There’s a strange view out there that with unemployment above ten percent, and inflation subdued, the Fed should be thinking about raising interest rates.Yesterday Philadelphia Fed President Charles Plosser attempted to explain his view:
… several empirical studies have shown that economic slack is difficult to measure with any accuracy. So making policy decisions based on measures of such slack and particularly on forecasts of slack many quarters ahead becomes problematic.
Plosser is right that there’s uncertainty about the exact degree of slack. But his conclusion — that this builds the case for raising interest rates sooner rather than later — just doesn’t follow.
The standard view is that “economic slack” (which is really just central-bank-speak for unemployment) is important because a depressed economy means that workers don’t have the power to ask for higher wages, intermediaries won’t raise input costs, and firms find their profit margins under pressure. Enough slack yields low and stable inflation. Too much slack — as we surely have right now — leads inflation to fall.
Because high unemployment will likely persist for several years (and Plosser himself sees unemployment edging up further), most forecasters believe there’s barely any chance of a serious inflationary episode in the next couple of years. But Plosser argues that we need to take account of the fact that economic slack is difficult to measure, adding uncertainty.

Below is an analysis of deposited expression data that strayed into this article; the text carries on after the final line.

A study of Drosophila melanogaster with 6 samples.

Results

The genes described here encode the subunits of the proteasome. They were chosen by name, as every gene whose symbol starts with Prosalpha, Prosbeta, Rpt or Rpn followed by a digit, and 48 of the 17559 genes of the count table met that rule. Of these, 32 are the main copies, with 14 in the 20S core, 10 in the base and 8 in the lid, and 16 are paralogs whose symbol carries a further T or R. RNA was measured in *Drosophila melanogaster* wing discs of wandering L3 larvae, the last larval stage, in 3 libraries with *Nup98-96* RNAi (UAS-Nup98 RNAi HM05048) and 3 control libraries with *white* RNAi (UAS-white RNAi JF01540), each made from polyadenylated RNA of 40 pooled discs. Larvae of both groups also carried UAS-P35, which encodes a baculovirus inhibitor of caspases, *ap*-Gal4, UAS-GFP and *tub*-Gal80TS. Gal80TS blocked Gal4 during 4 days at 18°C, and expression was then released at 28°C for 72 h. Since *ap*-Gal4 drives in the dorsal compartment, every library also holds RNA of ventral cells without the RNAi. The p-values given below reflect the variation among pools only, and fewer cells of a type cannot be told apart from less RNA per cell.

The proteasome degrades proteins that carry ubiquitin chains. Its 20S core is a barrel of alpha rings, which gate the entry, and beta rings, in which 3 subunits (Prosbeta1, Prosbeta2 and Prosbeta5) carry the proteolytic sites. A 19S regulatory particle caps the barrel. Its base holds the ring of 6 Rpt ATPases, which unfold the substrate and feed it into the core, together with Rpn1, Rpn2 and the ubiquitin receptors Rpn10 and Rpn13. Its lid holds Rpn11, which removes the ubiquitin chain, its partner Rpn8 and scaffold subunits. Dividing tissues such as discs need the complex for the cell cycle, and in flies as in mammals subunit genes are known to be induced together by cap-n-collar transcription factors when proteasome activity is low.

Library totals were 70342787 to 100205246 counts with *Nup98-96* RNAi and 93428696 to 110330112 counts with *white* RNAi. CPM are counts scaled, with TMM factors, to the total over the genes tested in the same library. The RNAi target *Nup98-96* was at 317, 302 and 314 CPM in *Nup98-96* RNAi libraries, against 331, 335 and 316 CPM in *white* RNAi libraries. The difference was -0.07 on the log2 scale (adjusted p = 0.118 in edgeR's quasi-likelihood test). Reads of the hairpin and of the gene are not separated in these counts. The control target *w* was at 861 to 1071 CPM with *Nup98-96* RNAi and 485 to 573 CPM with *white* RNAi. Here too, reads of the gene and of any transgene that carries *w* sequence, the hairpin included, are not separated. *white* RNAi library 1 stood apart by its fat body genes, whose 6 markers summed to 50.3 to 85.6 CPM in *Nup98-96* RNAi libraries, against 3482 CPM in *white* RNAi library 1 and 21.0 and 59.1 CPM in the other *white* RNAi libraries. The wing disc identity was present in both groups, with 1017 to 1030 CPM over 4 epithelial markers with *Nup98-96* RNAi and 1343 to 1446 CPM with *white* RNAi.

How does uncertainty change this analysis? Either there’s more slack out there than we think, or there’s less (or current forecasts are spot on). Balancing these risks means thinking through the consequences of each outcome. If there’s really less slack, then inflationary pressures may well arise at some point. If this happens, the policy “mistake” of interest rates being too low in 2010 could be easily undone by higher interest rates in 2011. But what if there’s actually more slack out there than we think? If this occurs, future inflation will not only be low, but it may fall to the point that deflation may become a real risk. The problem is that this mistake is not easily undone; excessively high interest rates in 2010 can’t necessarily be undone by lower rates in 2011, because interest rates can’t fall below zero. In fact, this “zero lower bound” is what made both the stimulus package necessary as well as the Fed’s current unconventional monetary policies.
Plosser is right — there’s definitely uncertainty about the inflation outlook. But the consequences of raising rates too early are just a heckuva lot harder to undo than the consequences of raising rates too little or too late.